Site chosen for new Lantzville cenotaph

Lantzville has a new site for its war memorial cenotaph. Now comes the hard part – paying for it.

Lantzville has a new site for its war memorial cenotaph.

Now comes the hard part – paying for it.

Council approved a recommendation Monday to build the new cenotaph on a portion of Huddlestone Park, a block away from the existing memorial on Royal Canadian Legion Branch 257 property.

The legion found the current location, off Lantzville School Road, difficult to accommodate crowds attending Remembrance Day ceremonies, and the cenotaph should reflect the community rather than Branch 257.

A committee involving the legion, District of Lantzville and Snaw-Naw-As First Nation searched for a new site and Roy Cardinal, Branch 257 president, said he is happy with the location.

“It will be the community’s cenotaph with lots of room for people to gather in the park for the ceremony,” he said.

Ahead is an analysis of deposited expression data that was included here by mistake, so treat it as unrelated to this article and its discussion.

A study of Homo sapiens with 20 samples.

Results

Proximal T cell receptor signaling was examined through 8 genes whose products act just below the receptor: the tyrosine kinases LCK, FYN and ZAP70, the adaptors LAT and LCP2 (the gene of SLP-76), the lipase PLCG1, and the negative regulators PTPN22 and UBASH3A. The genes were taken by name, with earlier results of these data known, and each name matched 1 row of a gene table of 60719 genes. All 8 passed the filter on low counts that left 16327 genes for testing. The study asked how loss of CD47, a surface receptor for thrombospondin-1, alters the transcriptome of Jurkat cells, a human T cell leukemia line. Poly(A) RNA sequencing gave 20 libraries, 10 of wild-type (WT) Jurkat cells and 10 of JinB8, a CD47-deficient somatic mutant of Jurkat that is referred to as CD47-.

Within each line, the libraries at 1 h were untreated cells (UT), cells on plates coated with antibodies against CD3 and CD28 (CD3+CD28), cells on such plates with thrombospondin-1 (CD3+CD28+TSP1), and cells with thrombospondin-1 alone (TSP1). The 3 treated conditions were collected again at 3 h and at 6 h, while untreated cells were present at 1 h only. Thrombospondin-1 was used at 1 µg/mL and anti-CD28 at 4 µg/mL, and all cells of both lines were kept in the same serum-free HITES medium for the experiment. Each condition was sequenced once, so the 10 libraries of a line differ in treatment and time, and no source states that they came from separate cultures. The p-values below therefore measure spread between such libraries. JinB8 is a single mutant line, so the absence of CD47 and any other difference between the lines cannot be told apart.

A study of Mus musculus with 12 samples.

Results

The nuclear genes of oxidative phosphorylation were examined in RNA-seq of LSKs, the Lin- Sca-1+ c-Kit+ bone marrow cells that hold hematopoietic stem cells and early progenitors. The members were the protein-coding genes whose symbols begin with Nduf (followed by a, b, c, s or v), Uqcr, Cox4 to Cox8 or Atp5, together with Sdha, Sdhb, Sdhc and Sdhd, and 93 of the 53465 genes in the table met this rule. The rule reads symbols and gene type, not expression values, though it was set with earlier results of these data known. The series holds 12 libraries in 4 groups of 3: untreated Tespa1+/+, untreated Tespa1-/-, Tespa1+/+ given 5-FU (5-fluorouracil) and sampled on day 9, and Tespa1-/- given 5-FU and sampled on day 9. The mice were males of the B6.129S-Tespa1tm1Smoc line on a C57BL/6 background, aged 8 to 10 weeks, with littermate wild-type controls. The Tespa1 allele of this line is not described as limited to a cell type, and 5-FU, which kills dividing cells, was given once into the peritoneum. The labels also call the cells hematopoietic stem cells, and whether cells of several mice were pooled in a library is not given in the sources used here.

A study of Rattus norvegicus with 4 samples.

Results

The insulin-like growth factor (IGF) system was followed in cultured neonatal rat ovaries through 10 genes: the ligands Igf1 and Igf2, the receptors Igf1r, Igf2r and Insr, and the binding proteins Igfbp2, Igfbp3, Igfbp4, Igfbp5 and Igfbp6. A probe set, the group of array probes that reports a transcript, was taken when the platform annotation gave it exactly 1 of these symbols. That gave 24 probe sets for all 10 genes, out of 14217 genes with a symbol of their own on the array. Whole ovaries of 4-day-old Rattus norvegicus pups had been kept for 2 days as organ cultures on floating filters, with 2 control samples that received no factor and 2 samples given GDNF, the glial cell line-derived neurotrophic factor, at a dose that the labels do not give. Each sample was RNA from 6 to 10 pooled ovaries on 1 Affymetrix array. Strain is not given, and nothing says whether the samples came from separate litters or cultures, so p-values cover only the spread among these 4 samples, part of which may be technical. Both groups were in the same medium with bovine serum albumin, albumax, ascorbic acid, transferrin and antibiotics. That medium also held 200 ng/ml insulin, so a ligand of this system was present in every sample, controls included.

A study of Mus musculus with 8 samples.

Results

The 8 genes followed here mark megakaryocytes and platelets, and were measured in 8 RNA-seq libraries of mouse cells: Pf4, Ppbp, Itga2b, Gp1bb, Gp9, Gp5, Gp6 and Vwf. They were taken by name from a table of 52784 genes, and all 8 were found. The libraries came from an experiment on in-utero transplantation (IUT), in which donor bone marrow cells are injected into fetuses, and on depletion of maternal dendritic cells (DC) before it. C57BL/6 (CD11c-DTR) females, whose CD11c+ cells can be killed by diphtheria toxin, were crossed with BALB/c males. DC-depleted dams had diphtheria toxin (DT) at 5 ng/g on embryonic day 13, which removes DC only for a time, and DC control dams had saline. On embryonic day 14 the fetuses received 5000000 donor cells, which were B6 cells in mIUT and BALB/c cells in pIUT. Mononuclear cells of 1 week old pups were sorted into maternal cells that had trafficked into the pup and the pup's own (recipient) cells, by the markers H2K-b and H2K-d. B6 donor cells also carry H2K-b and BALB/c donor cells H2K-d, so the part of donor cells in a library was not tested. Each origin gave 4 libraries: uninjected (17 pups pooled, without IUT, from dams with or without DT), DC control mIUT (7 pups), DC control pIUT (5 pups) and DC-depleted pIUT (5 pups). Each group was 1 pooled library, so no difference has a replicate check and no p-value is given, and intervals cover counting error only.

The project is now in the design and fundraising phases with costs estimated between $150,000 and $200,000.

“I believe there is up to $50,000 available from the federal government through Veterans Affairs Canada and the central poppy fund, said Cardinal. “There are other avenues that we have, but we’re probably going to have to raise a good $100,000 of our own money to do it.”

Legion members have also given some thought as to what the cenotaph should look like and represent.

“It won’t be a traditional cenotaph. It won’t have a cross on it and it definitely won’t have somebody with guns on it,” said Cardinal. “It’s going in a park where kids play and we want it to be generic so it fits the community and fits everything that goes around in life these days.”

Lantzville Mayor Jack de Jong said council is pleased with the location but wants to see the finished design before final approval.

“The objective is to make it something for the community,” he said.

The scheduled date for completion of the cenotaph is Nov. 11, 2013.

“That depends on engineers and the number of government hoops we have to jump through,” said Cardinal. “We also want to work closely with the First Nations and the community to make sure everybody is happy.”